Not many people realize that Pegasus is actually a proper name. Pegasus was a pure white winged horse in Greek mythology, the son of the sea god Poseidon and the Gorgon Medusa. When the hero Perseus cut off the head of the monster Medusa, Pegasus was born fully grown. Pegasus was the lightning bearer for Zeus and the friend of the Muses. After the gods Athena and Poseidon helped the hero Bellerophon catch Pegasus, Pegasus served as Bellerophon's mount and fought many other monsters, including chimera. When Bellerophon grew arrogant and attempted to fly up to Olympus, he fell off of Pegasus' back and died. Zeus placed Pegasus in the sky as a constellation. Throughout the Renaissance, Pegasus was a symbol of wisdom and inspiration due to his association with the Muses. Modern winged horses are called "pegasus" after the original Greek creature.
|Gustave Dore, "Destruction of Leviathan," 1865
Believe it or not, dragons are in the Bible. Real-life dragons! And they're not allegorical, either. Though scholars debate whether dragons actually existed or they were just exaggerated versions of dinosaurs, we have proof that at least one real dragon existed at some point. In Job 41, here are some things God has to say about leviathan:
v8: If you lay a hand on it, you will remember the struggle and never do it again!
v14: Who dares open the doors of its mouth, ringed about with fearsome teeth?
v15-17: Its back has rows of shields tightly sealed together, each so close to the next that no air can pass between them. They are joined fast to one another, they cling together and cannot be parted.
Of course, all of these could also be speaking of a dinosaur with very powerful scales, but once you read the next passage, there will be no doubt in your mind that leviathan was a dragon:
v18-21: Its snorting throws out flashes of light, its eyes are like the rays of dawn. Flames stream from its mouth, sparks of fire shoot out. Smoke pours from its nostrils as from a boiling pot over burning reeds. Its breath sets coals ablaze, and flames dart from its mouth.
It breathes fire! Leviathan was a fire-breathing, water-dwelling, reptilian, fearsome monster. That certainly sounds like a dragon to me!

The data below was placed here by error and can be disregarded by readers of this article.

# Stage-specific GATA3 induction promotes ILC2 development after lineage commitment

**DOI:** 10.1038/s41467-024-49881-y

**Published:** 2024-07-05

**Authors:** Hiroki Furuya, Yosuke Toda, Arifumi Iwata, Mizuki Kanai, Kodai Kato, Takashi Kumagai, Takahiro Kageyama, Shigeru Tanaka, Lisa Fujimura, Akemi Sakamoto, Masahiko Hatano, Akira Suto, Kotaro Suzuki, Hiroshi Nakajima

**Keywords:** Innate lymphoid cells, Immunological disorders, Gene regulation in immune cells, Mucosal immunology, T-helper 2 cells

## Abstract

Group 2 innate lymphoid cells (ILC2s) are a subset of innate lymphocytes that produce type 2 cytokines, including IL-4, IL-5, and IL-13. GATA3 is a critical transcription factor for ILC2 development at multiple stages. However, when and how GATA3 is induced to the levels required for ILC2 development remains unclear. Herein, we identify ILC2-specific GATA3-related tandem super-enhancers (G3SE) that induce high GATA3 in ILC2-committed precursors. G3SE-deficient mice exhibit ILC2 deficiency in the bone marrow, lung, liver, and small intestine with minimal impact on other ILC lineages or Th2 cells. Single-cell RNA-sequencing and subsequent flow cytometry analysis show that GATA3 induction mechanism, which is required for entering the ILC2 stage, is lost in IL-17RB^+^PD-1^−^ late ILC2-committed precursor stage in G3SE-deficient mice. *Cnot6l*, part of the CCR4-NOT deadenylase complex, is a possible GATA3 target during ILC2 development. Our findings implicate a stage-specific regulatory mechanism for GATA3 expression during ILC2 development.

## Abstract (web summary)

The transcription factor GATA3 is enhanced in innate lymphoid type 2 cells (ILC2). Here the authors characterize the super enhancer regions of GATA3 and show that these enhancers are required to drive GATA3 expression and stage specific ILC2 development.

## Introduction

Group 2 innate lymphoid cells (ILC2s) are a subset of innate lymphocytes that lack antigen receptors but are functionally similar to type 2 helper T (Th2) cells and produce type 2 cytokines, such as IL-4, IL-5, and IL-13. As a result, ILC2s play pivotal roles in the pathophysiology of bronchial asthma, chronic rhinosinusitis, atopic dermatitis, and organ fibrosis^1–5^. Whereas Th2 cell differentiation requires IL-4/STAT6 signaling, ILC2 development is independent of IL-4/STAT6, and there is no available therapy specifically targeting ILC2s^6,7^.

"When it rises up, the mighty are terrified; they retreat before its thrashing." (v25). Indeed!
1. Dark Elves
A good rendition of Svartalfheim from Thor: The Dark World
In Norse mythology, light elves were the inhabitants of Alfheim (translated elf-home), also called Ljosalfheim (translated light-elf-home.) They were benevolent, magical, and eternally youthful creatures that served the gods. They could not touch cold iron or they would be burned. Dwarves were stocky, ugly, immortal metal-smiths. They lived in underground tunnels on Svartalfheim (translated black-elf-home). Dwarves lived underground because if they were ever touched by a ray of sunlight, they would turn to stone. Because they lived underground, they were often associated with death. Some scholars believe the beings called "Svartalfar" (translated black-elves) are synonymous with dwarves, and they argue that they were called "black" because they lived underground. Dark elves in Norse mythology, called Dokkalfar, were the hybrid children of these two races. They inherited both the light elves' weakness to iron and the dwarves' weakness to sunlight. Because of this, they lived underground with the dwarves. Many of them were considered evil pranksters who prowled the land at night and caused trouble, but not all of them were like this. Although some of them looked similar to traditional elves, other sub-species of dark elves were trolls, goblins, orcs, and more. These elves have a special place in my heart because they were the main inspiration for my current work-in-progress, and my only completed draft so far.
Honorable mentions go to the phoenix, which Erin already posted about, unicorns, which Laura also posted about, and fairies, which can be so diverse and are interesting in all of their variations. Read Erin's post about elves, centaurs, and phoenixes here, and Laura's post about hippogriffs, dragons, and unicorns here.
What are your favorite mythical creatures? Do you think dragons really existed? What do you think about leviathan, and the other great beast mentioned in Job 41, the behemoth? I encourage you to read Job 41 and check it out for yourself!